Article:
Similar to how thinking about a good restaurant makes you want to eat there again, recalling a workout win—like that time you hiked to a gorgeous view or finished your first 5K—may inspire you to get moving, according to a recent study published in the journal Memory.
Researchers at the University of New Hampshire had more than 200 people complete two surveys. The first one included questions on a wide range of activities including exercise, and finished by asking half of the participants to describe a positive or negative experience that might increase their motivation to exercise. Eight days later, they filled out a second questionnaire that asked about their exercise sessions in the intervening week.
The results: people who drew on a previous, concrete mental image of how good it feels to exercise were much more likely to be active than those who didn’t tap into a feel-good fitness moment. The participants who drew on a negative motivating exercise experience (like that time they didn't make the soccer team) were more likely to be active than the group who didn’t recall any fitness memory, but not as likely to work out than those who thought positively.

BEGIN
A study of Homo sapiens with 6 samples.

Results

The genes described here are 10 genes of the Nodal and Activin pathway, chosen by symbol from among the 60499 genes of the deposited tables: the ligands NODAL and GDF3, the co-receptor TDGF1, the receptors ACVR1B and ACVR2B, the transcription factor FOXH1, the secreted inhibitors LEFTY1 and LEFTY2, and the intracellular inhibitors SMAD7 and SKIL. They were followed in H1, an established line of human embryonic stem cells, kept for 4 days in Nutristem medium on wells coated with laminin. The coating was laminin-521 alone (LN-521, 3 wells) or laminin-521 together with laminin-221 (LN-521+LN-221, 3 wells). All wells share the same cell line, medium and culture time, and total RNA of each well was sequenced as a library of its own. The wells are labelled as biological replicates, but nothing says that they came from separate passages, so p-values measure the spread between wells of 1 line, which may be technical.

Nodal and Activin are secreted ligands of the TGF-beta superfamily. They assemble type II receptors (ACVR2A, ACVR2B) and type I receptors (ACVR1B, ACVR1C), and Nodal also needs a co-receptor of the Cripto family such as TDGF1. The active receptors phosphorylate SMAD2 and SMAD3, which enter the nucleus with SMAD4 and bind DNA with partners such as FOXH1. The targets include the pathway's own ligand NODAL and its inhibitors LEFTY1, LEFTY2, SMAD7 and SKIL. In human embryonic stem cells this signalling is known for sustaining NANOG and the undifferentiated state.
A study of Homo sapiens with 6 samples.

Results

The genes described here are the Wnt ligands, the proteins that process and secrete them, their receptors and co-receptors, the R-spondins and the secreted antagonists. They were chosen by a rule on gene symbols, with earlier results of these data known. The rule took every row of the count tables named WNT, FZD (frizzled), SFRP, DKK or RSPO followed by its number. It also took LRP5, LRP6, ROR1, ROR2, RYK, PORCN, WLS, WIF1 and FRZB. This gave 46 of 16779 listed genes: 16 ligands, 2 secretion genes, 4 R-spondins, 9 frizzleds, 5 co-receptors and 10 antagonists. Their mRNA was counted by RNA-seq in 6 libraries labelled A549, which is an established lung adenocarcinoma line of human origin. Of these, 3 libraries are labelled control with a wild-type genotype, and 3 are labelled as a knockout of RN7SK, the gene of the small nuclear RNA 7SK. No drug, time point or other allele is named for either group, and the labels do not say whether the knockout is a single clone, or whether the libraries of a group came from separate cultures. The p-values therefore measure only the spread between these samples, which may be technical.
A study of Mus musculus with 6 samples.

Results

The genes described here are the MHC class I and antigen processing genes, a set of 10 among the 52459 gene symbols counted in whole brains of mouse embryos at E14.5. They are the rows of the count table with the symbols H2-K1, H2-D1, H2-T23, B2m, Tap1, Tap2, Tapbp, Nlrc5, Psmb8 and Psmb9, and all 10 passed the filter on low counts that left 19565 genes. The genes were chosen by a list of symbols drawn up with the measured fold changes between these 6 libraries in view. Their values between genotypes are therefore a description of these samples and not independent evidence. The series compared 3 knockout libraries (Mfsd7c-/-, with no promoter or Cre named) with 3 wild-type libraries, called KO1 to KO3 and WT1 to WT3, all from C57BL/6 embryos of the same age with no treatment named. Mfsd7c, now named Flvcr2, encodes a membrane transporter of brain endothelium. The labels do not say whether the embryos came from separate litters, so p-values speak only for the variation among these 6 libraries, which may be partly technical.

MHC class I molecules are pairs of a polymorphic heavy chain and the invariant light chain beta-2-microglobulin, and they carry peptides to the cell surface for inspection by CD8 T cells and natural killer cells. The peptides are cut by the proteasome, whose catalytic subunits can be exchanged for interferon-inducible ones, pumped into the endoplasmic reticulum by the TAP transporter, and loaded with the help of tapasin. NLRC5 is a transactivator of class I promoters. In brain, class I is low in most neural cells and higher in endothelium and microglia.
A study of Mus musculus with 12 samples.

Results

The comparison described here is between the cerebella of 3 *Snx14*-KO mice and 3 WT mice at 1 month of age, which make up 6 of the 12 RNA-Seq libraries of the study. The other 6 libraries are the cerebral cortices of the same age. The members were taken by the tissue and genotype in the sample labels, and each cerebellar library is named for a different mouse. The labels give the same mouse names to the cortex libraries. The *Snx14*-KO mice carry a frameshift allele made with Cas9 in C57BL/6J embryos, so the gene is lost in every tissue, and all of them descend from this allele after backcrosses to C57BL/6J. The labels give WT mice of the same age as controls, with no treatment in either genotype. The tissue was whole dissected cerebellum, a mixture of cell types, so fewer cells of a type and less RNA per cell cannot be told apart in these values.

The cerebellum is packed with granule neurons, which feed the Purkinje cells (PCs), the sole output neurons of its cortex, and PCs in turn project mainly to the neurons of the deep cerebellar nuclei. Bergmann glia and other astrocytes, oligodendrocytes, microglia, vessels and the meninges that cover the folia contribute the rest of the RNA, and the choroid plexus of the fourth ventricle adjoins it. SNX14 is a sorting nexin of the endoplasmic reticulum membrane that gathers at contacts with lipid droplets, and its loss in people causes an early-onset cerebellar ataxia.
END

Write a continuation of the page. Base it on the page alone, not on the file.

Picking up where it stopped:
"While it seems that some people are motivated to work harder by thinking back on a bad or uncomfortable moment that they never want to relive, most of us tend to do better with positive reinforcement," says psychologist and study coauthor David Pillemer. "We believe it works by reminding you of the positive emotions associated with exercise. It may also increase your feelings of competence and inspire you to exercise in the future."